Should You Buy a Used Fleet Vehicle?

You are no dummy you know that used cars offer better value than a brand-new vehicle, so when you are car shopping on a budget, you only consider options with a few thousand miles on them. However, in the course of your used car research, you are likely to come across a few autos that saw previous use in a fleet.

As fleets become more popular used in carsharing programs blossoming around the country used fleet cars might begin to overwhelm used car sales. Before you buy, you should know a bit more about fleets, especially the fleet car you are considering.

Know What Kind of Fleet


Not all fleet vehicles are created equal. Some fleets only use vehicles for relatively short and easy trips around the city while others might take exceedingly long and strenuous road trips around the state or across state lines. No matter what kind of used car you buy, you generally want something that has low mileage and hasn’t been subjected to extreme use, so it matters what kind of fleet the vehicle was a part of. Here are the most common categories of fleets you are likely to come across in your car search:

Rental Cars

Rental cars are by far the most prevalent used fleet vehicles for sale, and they also tend to be well-maintained. Because users typically only drive rental cars for a day or two, making few, brief trips, rental agencies have plenty of opportunity to identify problems and provide service without interfering with the vehicle’s profitability. Plus, these fleets tend to take advantage of services like Zurich CC, which helps fleet managers monitor individual vehicles.

Unfortunately, rental agencies tend to keep cars in the fleet a long time, with the result that it is a fool’s errand to look for a rental vehicle less than a year old with fewer than 15,000 miles on the odometer. More likely, you will find options from these fleets that are a few years old with around 50,000 miles.

Plus, it is worthwhile to note that drivers of rental cars are rarely gentle; because they aren’t responsible for wear and tear, these cars tend to be driven hard, which means they might have lingering problems even with their intensive maintenance schedules. You need to be especially careful during the inspection phase if you are interested in acquiring a rental car.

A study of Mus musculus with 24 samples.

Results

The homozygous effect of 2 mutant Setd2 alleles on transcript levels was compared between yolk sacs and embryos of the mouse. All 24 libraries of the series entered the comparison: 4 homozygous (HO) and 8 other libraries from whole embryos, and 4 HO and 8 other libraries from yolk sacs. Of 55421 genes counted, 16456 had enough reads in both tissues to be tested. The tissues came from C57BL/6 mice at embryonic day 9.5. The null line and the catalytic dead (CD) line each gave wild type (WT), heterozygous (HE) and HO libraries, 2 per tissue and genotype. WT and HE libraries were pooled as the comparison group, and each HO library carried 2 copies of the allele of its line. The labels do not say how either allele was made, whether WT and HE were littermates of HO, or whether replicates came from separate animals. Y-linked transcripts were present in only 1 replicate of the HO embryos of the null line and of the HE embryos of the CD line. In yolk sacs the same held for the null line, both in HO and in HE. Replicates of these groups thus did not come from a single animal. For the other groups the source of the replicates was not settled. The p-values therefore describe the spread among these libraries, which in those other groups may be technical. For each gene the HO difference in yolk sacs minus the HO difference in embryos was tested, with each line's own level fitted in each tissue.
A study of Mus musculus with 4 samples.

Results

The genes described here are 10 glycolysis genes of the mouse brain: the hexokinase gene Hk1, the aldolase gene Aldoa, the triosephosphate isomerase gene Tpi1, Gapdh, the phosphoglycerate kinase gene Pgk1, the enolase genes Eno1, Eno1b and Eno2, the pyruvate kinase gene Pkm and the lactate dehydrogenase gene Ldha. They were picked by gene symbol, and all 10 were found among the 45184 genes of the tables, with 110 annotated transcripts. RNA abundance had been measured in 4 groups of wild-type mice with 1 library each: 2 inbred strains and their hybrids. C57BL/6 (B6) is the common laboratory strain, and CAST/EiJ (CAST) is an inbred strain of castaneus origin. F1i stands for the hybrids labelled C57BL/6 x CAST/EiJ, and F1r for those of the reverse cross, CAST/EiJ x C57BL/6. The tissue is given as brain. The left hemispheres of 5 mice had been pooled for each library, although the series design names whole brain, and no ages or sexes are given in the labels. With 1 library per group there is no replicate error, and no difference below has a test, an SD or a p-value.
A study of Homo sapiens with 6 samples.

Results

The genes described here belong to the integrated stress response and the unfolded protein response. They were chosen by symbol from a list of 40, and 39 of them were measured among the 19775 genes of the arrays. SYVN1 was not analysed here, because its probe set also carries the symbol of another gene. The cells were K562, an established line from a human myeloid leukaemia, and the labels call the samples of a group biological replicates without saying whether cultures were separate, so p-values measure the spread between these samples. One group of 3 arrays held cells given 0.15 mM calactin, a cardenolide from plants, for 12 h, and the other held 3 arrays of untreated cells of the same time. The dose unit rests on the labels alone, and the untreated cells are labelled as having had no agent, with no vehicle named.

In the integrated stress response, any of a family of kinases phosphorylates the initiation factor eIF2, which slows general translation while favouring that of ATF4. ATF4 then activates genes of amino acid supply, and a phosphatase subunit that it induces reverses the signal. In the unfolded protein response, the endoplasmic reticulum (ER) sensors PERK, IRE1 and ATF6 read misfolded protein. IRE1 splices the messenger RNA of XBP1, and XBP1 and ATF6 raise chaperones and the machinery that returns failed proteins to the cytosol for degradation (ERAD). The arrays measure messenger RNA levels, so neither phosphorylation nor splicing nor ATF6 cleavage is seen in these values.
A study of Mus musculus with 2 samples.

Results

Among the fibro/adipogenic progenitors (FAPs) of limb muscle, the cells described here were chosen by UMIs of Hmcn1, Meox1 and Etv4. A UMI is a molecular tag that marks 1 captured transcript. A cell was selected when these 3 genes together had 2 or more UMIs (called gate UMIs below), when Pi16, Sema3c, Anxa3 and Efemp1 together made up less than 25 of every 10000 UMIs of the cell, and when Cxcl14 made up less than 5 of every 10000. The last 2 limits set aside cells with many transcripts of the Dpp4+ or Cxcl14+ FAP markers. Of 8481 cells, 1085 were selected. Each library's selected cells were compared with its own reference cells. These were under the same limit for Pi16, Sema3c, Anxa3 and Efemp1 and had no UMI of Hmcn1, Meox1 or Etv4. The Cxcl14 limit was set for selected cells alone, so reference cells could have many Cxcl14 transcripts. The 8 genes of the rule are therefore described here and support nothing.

Government Cars


City and states often have fleet vehicles used by officials to carry out various services, including police work, meter monitoring, and even public or private transportation. Like rental cars, government cars tend to be treated relatively well, with rigorous maintenance, but unlike rental agencies, government agencies try to hold onto their fleet vehicles for as long as possible.

This means that used cars available from government auctions are likely to be several years old, and they probably participated in daily trips, making their mileage rather high. While you can get an especially good price for a government car at an auction, you should be prepared to find more than a few problems with the vehicle once you start driving.

Company Cars

Various organizations maintain fleets of vehicles for different purposes. Some vehicles might be used in providing services to clients and customers; others might be used by executives like personal cars, a high-level perk. Though some service vehicles are used to death, many company cars are swapped out relatively early, sometimes due to the demand of the executives using them but often to uphold a brand image.

Unlike rental or government cars, company cars are likely unreliably maintained; it truly depends on the organization’s budget and values, so you will need to rigorously test any used fleet vehicles from private entities.

Dealer Cars


Finally, car dealerships often hold onto vehicles for their showroom, for test drives or for loans to managers or customers whose vehicles require maintenance. Dealerships are forced to swap these cars out often as new makes and models emerge; typically, companies try to remove these vehicles and sell them before they reach a certain mileage (as determined by the state) to earn them the “used” status and significantly drop their price. However, sometimes lot vehicles do become used, at which point you can swoop in and benefit.

Used dealer cars are easily the best fleet option you can buy. They tend to have especially low mileage, but they are meticulously cared for. Even better, many of these vehicles are still under manufacturer warranty, which means you get all the benefits of both new and used cars.

As owning and managing fleets becomes more profitable, used fleet vehicles will become more readily available. Used fleet vehicles can be an outstanding deal or they can be a horrible mistake. You should learn about the fleet (and the individual vehicle) as much as possible before you buy, so you can avoid making a bad investment.